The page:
Back in 2017, the idea of console-quality gaming from the comfort of your bed or your car that can seamlessly go from portable mode to TV display took the gaming industry by storm. Almost 5 years after the launch of the Nintendo Switch, it’s not hard to admit that Nintendo did an exceptional job in delivering that promise.
But 5 years later, things are also a lot different than they were before. As next-gen rolls around consumers expect better performance alongside better or at least decent visuals. Yet sadly even after multiple new iterations of the Nintendo Switch, Nintendo has failed to meet these expectations even halfway.
Many of the recently released AAA titles on the Nintendo Switch push the boundaries on what can be accomplished on the system.
Coming close to the quality you’d expect from a modern title, but the concessions that are made for high fidelity come at the great cost of extremely poor performance or some particularly drab and empty-looking environments.
The most recent example of this is the latest Bayonetta 3. While I’m only halfway through it so far, it’s an insanely fun balls-to-the-walls action game that captures what makes every game by Platinum Games so damn fun to play through.
Even newcomer Viola presents a fun new playstyle with a personality that feels right at home with the utterly absurd cast of characters that you’ve come to expect from Bayonetta.
Couple that with some of the most jaw-dropping set pieces you’ll find in any action game, and you have a sequel that feels like an extremely satisfying love letter to a beloved franchise.
Yet despite all that the game is utterly plagued with technical issues due to the system it’s running on, looking not only worse than the first two games a lot of the time but also having even worse performance than either of them. The game just came out and it already feels like it needs a remaster.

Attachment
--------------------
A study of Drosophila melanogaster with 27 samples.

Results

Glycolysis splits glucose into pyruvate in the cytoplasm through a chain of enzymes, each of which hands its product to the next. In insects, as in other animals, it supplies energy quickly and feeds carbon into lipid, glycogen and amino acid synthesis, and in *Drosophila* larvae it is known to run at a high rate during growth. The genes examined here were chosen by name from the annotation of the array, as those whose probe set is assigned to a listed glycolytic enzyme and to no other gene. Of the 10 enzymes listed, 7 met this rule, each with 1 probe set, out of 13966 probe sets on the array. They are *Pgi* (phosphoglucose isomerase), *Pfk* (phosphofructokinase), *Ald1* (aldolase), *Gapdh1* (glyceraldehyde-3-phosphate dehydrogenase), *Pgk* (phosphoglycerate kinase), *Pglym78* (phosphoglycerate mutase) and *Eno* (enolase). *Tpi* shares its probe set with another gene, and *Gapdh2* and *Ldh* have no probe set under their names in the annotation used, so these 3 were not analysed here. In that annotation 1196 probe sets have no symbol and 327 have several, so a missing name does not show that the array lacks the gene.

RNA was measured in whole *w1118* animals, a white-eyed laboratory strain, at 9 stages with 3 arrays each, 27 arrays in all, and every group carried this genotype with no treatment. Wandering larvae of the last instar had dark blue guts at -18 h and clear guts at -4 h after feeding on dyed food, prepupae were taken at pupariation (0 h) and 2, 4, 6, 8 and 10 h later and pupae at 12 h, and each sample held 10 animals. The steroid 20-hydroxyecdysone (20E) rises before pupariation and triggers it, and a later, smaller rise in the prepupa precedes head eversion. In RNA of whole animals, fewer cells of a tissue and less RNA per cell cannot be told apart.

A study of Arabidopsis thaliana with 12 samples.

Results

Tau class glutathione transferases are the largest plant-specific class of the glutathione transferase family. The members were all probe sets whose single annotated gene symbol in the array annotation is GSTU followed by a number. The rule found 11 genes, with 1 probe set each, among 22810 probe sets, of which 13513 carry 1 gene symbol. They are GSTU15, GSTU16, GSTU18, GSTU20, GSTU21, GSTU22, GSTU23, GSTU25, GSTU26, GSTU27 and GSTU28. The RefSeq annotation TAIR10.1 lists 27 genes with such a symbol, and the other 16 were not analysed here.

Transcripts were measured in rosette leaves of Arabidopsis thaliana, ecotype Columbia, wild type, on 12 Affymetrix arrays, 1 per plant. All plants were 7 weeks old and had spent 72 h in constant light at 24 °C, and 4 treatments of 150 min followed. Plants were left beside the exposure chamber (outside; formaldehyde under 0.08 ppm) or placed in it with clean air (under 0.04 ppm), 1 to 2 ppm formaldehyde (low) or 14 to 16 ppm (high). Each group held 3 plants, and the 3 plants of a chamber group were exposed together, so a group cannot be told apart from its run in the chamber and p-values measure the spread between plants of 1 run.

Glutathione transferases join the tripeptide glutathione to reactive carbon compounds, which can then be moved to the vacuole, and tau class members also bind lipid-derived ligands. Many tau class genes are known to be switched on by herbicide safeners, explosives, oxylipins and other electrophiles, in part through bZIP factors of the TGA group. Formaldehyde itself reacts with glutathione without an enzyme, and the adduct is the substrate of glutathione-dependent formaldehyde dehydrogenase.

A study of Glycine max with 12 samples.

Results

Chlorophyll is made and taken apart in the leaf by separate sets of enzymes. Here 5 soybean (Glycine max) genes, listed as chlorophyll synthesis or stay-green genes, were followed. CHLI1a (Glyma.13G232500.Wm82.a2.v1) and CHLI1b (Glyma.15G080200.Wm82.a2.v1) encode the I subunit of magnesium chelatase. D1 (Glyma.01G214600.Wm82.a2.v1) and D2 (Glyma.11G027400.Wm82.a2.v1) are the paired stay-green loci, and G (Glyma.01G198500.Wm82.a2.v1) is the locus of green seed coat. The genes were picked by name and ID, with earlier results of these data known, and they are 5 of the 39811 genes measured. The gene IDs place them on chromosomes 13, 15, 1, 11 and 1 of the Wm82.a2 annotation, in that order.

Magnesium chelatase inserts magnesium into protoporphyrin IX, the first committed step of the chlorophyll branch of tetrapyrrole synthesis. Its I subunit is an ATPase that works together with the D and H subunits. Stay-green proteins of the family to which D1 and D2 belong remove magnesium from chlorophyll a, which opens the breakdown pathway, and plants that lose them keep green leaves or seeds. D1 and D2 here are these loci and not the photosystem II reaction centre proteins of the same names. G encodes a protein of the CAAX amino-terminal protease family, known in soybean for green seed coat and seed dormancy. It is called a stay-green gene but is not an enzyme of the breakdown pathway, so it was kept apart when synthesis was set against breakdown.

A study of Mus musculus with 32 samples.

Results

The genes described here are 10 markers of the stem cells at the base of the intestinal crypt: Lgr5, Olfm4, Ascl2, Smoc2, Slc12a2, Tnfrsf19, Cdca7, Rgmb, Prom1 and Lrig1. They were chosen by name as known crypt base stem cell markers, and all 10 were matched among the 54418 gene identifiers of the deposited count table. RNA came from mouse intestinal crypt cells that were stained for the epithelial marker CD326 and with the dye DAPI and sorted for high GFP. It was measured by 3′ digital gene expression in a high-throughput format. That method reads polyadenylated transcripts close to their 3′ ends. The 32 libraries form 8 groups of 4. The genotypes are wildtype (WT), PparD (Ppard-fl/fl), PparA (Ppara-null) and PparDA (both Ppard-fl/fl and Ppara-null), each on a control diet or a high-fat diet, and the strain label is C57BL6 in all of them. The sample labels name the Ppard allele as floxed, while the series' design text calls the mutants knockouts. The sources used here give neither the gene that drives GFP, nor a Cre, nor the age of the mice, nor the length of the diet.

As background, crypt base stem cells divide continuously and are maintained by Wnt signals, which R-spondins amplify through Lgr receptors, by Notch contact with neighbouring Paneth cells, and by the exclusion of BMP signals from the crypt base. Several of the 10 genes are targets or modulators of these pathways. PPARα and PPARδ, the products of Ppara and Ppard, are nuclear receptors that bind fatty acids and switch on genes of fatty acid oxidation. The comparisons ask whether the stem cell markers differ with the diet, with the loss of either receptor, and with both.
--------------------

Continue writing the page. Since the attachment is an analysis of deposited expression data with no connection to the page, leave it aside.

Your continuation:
A rapidly aging piece of hardware holds Bayonetta 3 back from reaching the potential it reasonably should. This leads to many of the levels in Bayo 3 feeling drab and empty and makes the combat feel particularly inconsistent. Especially when it gets in the way of clarity during combat, which is a big issue while playing Bayo 3.
Usually, in slow-paced games, poor performance isn’t that big of a deal, but in games like Bayonetta that require fast reaction speed and proper input timing, inconsistent performance is poison. So, while a game like Shin Megami Tensei V can mostly get away by running even below 30 FPS, inconsistent framerate in fast-paced action games can hurt the overall enjoyment of the experience.
Speaking of Shin Megami Tensei V, that’s another game that does the best it can to push the Nintendo Switch hardware to its absolute limit, resulting in one of the most technically impressive games on the system. Yet the game struggles to even maintain its target 30 FPS making for a very uneven experience across the board.
Up until recently, many had accepted that such weaker hardware was going to be the norm for handheld devices, that is until Valve released the Steam Deck. A handheld portable PC that could run almost your entire steam library including behemoths like Elden Ring and Cyberpunk 2077.
This coupled with the Steam Deck’s strong emulation support leaves the Nintendo Switch at a weird spot where its weaker hardware holds it back drastically while the Deck can run Switch games better than the actual hardware.
This is why many fans of Nintendo games have chosen to instead just outright emulate Nintendo games. Hell Bayonetta 3 already runs and looks better on an emulator than it does on the actual hardware.
As more and more boundary-pushing games come out on the Switch, so does the demand for that shiny new “Switch pro” increases.
It has become abundantly clear over time that the Nintendo Switch is holding back its games and I think that Bayonetta 3 has made it apparent that Nintendo needs to announce a vastly more powerful model for the Switch very soon that can…actually handle the games that are made for it.
I think Nintendo will have to pick up their slack pretty soon, and the current release of Bayonetta 3 has made that more than clear to everyone.
As time goes on the need for a newer, much more powerful version of the Nintendo Switch has only increased and with the release of a brand-new Zelda game, Nintendo possibly couldn’t be in a better state to announce a new iteration of the Switch.